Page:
The Otters and 50 years of male bonding

The Otters prepare to dive in. Picture: KIRK GILMOUR
The Otters prepare to dive in. Picture: KIRK GILMOUR

First published August 2012

It's an inspiration for us growing older - men well past retirement age, powering up and down the ocean pools of the Illawarra.

Go down to the pools at Austinmer at 9am on a winter Sunday morning and you'll see men of all ages lined up in their swimmers.

They'll be there whatever the weather, sharing a joke or news of the week.

Now celebrating its 50th year, the Austinmer Otters club has a healthy membership of more than 70 men and boys, ranging in age from 12 to 80.

The club is four years younger than the oldest South Coast swimming club, the Wollongong Whales, but has a history every bit as inspiring.

In that time, as well as braving water that can sink as cold as 13 degrees, the swimmers have raised $350,000 for charity - mostly for the Illawarra Society for Crippled Children (now called The Cram Foundation).

Mechanical engineer Joe McGarity started swimming with the Whales in its second year, but eventually tired of the travel and decided to form a local club.

"I thought 'there's a perfectly good pool at Austinmer'," he said.

So he called a meeting of his surf club mates and, on the first Sunday after Easter in 1963, a small group of men met at the Austi pool for the inaugural swim.

They haven't stopped since.

Handicapped races are held over 50 yards - there and back - and organised so that everyone would touch the concrete at the same time.

If anyone beats their personal time by two seconds or more, they are disqualified from the race but their handicapped is adjusted nonetheless.

"It stops anyone cheating," McGarity said.

The Illawarra is a hot-bed of winter swimming with eight clubs that make up the South Coast Winter Swimming Association - the Bellambi Blue Bottles, Bulli Sea Lions, Coledale Oysters, Corrimal Marlins, Stanwell Park Sea Eels, Wollongong Whales and Woonona Ockies.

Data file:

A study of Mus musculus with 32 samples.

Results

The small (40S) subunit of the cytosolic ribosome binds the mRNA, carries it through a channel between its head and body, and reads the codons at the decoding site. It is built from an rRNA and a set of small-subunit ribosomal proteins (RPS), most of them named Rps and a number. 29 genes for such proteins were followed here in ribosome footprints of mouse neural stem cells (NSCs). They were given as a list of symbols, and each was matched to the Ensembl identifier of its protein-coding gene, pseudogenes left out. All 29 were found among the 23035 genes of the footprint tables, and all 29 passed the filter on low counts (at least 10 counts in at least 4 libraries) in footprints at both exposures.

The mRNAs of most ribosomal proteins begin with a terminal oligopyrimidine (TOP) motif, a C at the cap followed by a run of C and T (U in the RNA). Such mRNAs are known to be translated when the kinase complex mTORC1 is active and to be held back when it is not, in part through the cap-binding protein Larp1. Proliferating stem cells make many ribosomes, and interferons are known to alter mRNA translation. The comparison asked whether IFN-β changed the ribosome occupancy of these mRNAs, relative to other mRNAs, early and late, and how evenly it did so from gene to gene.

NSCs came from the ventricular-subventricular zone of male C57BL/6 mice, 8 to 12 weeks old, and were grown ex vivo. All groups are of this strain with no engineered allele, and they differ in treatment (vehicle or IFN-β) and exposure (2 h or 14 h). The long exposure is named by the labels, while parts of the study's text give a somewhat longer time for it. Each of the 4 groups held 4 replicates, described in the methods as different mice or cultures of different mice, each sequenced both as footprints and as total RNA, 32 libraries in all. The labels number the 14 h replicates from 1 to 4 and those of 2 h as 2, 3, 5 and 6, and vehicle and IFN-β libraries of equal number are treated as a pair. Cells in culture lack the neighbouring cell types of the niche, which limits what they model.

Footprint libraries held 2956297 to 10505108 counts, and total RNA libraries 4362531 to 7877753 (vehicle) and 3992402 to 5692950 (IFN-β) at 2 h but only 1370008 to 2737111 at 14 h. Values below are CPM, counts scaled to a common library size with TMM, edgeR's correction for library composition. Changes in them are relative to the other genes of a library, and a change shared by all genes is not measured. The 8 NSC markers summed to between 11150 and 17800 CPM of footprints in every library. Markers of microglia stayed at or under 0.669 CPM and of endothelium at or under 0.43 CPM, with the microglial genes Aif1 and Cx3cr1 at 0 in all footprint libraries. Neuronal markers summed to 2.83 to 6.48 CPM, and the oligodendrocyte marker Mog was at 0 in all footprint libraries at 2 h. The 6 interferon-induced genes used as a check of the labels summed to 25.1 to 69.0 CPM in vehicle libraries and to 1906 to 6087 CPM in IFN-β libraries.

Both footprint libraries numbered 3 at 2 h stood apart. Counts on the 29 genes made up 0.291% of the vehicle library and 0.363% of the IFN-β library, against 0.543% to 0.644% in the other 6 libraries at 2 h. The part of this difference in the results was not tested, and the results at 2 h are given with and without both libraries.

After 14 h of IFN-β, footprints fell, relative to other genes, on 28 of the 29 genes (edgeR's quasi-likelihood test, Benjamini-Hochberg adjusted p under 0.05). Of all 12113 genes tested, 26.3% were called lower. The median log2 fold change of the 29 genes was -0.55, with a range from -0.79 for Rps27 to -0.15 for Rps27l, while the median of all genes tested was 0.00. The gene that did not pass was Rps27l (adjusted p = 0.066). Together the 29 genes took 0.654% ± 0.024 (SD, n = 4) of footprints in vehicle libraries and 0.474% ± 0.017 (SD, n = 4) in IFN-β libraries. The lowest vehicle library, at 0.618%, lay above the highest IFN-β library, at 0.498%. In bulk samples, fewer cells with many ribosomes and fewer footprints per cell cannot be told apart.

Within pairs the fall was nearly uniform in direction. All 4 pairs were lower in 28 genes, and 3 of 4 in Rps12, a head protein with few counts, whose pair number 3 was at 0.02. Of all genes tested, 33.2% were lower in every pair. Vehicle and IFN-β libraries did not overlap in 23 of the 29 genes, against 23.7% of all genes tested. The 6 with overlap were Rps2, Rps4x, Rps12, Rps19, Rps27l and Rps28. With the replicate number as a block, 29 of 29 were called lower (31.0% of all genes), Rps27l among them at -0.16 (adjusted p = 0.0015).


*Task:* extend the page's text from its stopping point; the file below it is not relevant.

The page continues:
Further south, the Gerringong Gropers claim to be the closest winter swimming club (presumably in the world) to the Antarctic. Although winter swimmers proclaim that there are extraordinary health benefits for their sport - McGarity has gone 50 years without a cold - the evidence is more anecdotal than scientific.

The club's record for the 50-yard swim of 24.5 seconds has been held by Joe Crosland for 48 years, but he's moved away and his body is riddled with rheumatoid arthritis.

Another whose health has been less than perfect is Gary Sutton, one of the founding eight men.

He was president for the first few years but moved away and didn't return until the 30th anniversary. Lately he had to stop for eight years until receiving a shoulder reconstruction.

When he first started in 1963 he was doing the distance in 30 seconds. When he returned earlier this year he came back at 73 seconds, but has clawed that back to 59 seconds.

"I am over at the far wall before some people have started, but I have potential. I am hoping to gradually improve," he said. It's never been too cold for the Otters, and neither has it ever been too rough, although at high tide it's possible to be swept on to or even over the wall by the choppy surf.

It's an accepting environment where near-nudity dissolves the competitive markers that often keep men apart, and talking is as important as swimming.

There's really only one rule, and a controversial one that cut them off from the Winter Swimming Association of Australia.

The South Coast says "no" to women.

McGarity knows this is a hot issue and is reluctant to enter the debate, except to say men sometimes need their own company.

"If women want to come, they can make their own club. There's a pool down there and they're more than welcome to come in once we're finished."

■ The Austinmer Otters' 50th anniversary dinner will be held on October 27, 2012. All past members welcome. Details: 4285 3939.